The very last breakout session that I attended at the TGAT (http://www.txgifted.org/) was one entitled “Pascal’s Triangle”. I like to go to as many Math related presentations as I can because, frankly, Math is my weakness when it comes to understanding what I teach. I had already attended the presenter’s previous session on “NIM Games” which was very good. Saturday was “Family Day” so there were children and parents moving in and out of the session, including one very tall gentlemen with mussy hair and an approximately three year old with identical hair. They both sat down at the closest table to the front while the presenter kindly said, “This may be too difficult for your son.” The father looked at his son, then the presenter and said, “We shall see.”
The session began, the presenter had a depth of knowledge of his material and a great way of eliciting responses from the students that “elevated their learning”. He had posed a particular question, and I watched the three year old raise his hand in a fairly confident manner. The presenter called on him and this tiny flute-like voice carefully spoke his answer. It was to the point and ‘right on the money’. Our presenter was not taken aback, because, you see, he was used to the surprises of the gifted child. He had taught thousands of them in summer programs or during the school year. He complimented the child as if he were a middle schooler and moved on with the lesson. Three or four times, this tyke spoke, while the others in the room were absolutely glued to what he had to say. Meanwhile, the father was smiling down at his prodigy.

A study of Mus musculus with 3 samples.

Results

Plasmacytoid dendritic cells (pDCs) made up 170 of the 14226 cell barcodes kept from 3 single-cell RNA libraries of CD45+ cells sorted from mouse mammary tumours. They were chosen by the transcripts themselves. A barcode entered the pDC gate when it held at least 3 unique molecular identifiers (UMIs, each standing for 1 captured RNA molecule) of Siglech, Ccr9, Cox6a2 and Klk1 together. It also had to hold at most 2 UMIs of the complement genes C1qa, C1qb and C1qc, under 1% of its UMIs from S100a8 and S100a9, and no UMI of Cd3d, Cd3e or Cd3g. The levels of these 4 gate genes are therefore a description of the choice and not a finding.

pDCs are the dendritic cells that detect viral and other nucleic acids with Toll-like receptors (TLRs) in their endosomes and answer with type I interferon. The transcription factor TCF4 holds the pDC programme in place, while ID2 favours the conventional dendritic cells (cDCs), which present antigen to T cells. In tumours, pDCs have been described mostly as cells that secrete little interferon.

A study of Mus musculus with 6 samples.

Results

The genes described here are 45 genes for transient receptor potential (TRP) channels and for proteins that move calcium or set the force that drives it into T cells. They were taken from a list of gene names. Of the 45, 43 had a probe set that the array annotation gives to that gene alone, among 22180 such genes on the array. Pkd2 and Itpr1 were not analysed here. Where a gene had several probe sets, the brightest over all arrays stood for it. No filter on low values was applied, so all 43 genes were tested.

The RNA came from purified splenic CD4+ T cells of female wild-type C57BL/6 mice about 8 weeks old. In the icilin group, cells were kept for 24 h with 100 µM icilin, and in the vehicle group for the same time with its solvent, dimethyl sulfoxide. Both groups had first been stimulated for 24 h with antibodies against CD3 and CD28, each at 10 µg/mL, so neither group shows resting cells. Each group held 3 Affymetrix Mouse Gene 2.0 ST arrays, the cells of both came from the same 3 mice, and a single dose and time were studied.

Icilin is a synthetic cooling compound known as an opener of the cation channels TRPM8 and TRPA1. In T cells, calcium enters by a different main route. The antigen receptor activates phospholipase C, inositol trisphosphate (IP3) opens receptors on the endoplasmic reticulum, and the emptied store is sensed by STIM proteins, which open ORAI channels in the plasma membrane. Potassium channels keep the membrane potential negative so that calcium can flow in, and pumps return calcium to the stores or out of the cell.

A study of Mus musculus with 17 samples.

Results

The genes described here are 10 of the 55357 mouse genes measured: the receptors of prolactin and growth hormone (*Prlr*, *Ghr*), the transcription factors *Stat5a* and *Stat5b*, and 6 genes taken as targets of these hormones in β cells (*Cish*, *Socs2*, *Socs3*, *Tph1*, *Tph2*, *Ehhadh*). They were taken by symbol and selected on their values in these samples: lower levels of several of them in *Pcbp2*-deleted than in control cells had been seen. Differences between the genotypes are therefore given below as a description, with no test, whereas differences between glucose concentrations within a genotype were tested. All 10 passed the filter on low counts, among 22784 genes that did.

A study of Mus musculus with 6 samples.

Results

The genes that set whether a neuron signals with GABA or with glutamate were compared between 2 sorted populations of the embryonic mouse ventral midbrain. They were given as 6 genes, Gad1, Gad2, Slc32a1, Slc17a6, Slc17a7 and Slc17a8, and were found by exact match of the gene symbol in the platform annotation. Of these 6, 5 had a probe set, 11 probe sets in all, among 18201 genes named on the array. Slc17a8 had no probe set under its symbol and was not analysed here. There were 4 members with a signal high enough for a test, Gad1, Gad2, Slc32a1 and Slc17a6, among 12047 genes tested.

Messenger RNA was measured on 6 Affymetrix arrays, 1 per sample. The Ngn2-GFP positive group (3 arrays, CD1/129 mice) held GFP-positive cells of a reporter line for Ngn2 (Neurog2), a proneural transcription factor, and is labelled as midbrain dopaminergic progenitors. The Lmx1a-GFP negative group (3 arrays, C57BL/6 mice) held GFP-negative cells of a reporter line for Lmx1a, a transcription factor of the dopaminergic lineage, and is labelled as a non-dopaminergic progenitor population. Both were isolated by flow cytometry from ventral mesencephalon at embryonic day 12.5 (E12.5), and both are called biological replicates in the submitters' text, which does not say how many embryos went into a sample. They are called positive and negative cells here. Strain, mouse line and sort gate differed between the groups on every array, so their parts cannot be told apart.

There were five year olds, seven year olds and older children who participated in the discussion. Even a 12 year old (probably) who seemed to have an edge to his answers that sounded like, “I’m always the smartest” respected the tyke.
This may have been the first time that I have sat near a child prodigy, a profoundly gifted individual, an individual who’s body of a three year old contained a mind at least nine grade levels above in mathematical ability. This is scary to me. Not in the way that most people think, but for the child and his father. Students like this must have a different setting for their learning. Parents of a prodigy must be acutely aware of the social and emotional issues their baby will endure – I’m not sure this parent knew. From his proud smile, I don’t think he did. Perhaps, I’m wrong. Did he bring his child to show him off, or did he bring himself and his child to learn more about this unique thing called ‘being gifted’?